Researchers have found spinal-cord neurons that control ejaculation, providing new directions for research into ejaculation problems and possibly drugs that cause orgasmic feelings.



“It’s wild speculation,” says Lique Coolen, assistant professor of cell biology, neurobiology, and anatomy at the University of Cincinnati. “But if we were to find the chemicals that contribute to the sensation of ejaculation and the pleasure associated with it, we may be able to find drugs that have the same effect.”


In the most recent issue of the journal Science, Coolen and colleagues report that they located the ejaculation-control neurons by injecting male rats with a toxin that destroyed a cluster of cells called lumbar spinothalamic cells.



The LSt cells were identified in tests looking for cells activitated during ejaculation but not other aspects of sexual behaviour.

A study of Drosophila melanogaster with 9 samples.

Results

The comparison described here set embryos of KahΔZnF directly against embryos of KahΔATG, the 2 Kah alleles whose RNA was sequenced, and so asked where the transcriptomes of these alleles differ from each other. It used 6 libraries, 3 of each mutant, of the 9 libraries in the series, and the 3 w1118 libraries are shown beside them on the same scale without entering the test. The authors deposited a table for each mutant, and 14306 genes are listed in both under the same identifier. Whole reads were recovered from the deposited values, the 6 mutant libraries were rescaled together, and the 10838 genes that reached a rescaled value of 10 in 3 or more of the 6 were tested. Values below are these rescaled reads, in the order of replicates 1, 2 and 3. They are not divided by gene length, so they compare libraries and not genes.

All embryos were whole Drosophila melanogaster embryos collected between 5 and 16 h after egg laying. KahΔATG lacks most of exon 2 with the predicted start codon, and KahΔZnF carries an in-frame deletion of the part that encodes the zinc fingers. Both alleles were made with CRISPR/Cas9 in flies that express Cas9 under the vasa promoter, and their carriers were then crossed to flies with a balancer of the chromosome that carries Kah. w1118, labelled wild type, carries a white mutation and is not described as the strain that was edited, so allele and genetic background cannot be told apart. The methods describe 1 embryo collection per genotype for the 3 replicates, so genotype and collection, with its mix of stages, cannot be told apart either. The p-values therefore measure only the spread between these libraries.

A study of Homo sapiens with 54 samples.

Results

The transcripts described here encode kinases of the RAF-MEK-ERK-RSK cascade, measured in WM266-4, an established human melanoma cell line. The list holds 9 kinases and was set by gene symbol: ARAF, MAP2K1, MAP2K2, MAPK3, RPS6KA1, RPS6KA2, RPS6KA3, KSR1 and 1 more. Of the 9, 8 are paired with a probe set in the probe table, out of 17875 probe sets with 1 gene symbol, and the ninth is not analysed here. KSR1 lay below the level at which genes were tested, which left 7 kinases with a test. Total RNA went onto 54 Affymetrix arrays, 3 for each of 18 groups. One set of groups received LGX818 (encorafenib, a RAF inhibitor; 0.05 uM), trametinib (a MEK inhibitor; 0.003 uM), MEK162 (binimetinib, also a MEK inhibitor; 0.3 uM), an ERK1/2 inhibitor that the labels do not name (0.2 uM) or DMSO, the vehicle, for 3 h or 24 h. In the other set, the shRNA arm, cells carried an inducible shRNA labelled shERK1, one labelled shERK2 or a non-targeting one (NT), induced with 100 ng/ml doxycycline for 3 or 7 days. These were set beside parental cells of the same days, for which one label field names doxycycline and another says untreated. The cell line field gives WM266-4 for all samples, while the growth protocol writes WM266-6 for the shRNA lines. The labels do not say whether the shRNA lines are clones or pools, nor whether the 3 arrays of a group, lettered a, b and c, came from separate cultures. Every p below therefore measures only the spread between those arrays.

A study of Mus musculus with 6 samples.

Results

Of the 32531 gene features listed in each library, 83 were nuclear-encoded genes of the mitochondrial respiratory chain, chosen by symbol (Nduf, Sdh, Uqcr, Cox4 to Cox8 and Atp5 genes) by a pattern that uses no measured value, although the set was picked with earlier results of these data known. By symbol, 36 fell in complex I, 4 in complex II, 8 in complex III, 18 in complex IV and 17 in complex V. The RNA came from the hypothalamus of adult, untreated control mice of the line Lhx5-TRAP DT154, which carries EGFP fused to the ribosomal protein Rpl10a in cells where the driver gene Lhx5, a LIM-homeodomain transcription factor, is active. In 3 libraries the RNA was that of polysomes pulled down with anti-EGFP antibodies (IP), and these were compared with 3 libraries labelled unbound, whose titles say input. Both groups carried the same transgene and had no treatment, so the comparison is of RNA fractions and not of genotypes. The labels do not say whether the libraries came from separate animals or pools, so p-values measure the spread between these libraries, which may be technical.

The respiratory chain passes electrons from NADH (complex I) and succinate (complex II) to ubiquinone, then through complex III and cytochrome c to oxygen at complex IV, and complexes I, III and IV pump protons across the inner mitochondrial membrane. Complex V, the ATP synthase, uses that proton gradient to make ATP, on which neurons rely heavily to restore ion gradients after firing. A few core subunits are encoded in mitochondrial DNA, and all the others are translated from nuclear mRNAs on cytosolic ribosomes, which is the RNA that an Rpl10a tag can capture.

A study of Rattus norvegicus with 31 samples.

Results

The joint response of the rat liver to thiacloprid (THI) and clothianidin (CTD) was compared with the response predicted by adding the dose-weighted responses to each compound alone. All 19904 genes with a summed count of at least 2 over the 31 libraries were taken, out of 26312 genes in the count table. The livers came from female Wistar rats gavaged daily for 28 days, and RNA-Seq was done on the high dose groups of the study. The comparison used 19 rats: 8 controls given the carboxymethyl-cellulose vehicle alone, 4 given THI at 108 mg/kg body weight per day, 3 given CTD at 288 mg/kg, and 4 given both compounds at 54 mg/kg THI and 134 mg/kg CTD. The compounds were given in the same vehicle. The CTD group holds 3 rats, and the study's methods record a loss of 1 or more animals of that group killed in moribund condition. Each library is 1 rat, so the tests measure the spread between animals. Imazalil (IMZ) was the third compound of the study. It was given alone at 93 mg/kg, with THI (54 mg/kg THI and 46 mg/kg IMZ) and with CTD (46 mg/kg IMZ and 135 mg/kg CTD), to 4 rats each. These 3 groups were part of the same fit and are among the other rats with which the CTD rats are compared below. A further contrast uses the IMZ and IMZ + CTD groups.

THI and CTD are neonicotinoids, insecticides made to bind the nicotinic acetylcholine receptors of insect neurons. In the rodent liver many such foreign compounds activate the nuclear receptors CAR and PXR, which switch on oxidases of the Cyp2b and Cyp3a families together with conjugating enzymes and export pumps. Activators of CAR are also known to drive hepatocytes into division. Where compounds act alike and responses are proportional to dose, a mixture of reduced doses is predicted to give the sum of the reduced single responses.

Rats without the LSt cells had normal sexual behaviour and function up to the point of ejaculation — they got interested and aroused, but could never climax.



The cells themselves appear to take sensory input from the penis and respond with a muscle response that causes ejaculation.



Researchers believe the cells may also carry sensory information back to the brain after ejaculation. If they could mimic this transmission, they could duplicate the feeling of orgasm.



And this may not only apply to men. “These cells also exist in female rats, so we want to find out what their function is in females,” says Coolen.